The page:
Xenophobia in NZ - Chinese owned farms?


Anyway, its a nice rationalisation ! The Chinese are prepared to pay 40% above market price for the asset. Maybe they will export any produce as raw material. Is that your concern? That's because it makes sense to process the stuff in China because that is the market, and they have the lowest processing costs in the world.
Fearful of selling off the NZ farm? Seen it all before. Selling off under-performing assets, and NZ farming is not terribly profitable, releases NZ savings to invest in other businesses with greater profit potential. If you are lucky you might get another google, but at least you will be giving another NZ'er a chance to try. So my for freedom, when you can strike down a sellers 'good deal', or disable his ability to try. Farming is the 'old NZ', you need to wake up to yourself and allow people to invest in the new.

There are some reasons for concern. It could see the dairy cows switched to China in future. That is the nature of markets though. NZ ought to be investing in higher value businesses....not 'ancient' farming practices, nor even labour-intensive modern practices. That ship has sailed. We ought to do it as long as it is competitive, then we ought to be either buying farms in China, or building niche technology and web-service businesses.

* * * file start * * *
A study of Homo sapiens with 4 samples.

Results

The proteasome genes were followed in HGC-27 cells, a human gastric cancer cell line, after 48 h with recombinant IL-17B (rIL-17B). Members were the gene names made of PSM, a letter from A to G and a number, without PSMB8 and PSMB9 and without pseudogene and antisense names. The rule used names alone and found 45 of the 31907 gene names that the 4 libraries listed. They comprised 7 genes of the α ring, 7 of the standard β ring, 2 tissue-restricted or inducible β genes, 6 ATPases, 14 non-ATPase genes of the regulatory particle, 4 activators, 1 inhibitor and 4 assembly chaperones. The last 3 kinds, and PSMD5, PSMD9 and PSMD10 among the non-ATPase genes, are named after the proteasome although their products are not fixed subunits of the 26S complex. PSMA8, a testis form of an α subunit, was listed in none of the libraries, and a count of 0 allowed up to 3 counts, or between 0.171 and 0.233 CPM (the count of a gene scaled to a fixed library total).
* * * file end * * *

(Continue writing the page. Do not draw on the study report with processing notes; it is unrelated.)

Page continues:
That is not to say Chinese businesses ought to be allowed to buy 'open slather' in NZ. There ought to be restrictions on the nature of the enterprising. You don't want NZ enterprise to be competing with Chinese state (possibly subsidised) enterprises. If this was the case, then I think some requirements are needed. i.e. The buyer has to dilute Chinese government equity to less than 20% within 2 years. The reality is that such investments are not technologically strategic, and China will greatly improve its farming anyway, so NZ'ers ought not to be prevented from selling out.


'Buying NZ Property – Download the free sample readings!

NZ presents some of the most alluring property in the Western World; particularly given the greater easy of residency, the low cost of property, and the liveability of the country. In addition, there is no capital gains tax, transfer taxes, VAT/GST or wealth taxes in NZ, so rest assured that NZ property is tax-effective! Learn more now!

New Zealand Property Report 2010 - Download the table of contents or buy this 180-page report at our online store for just $US19.95.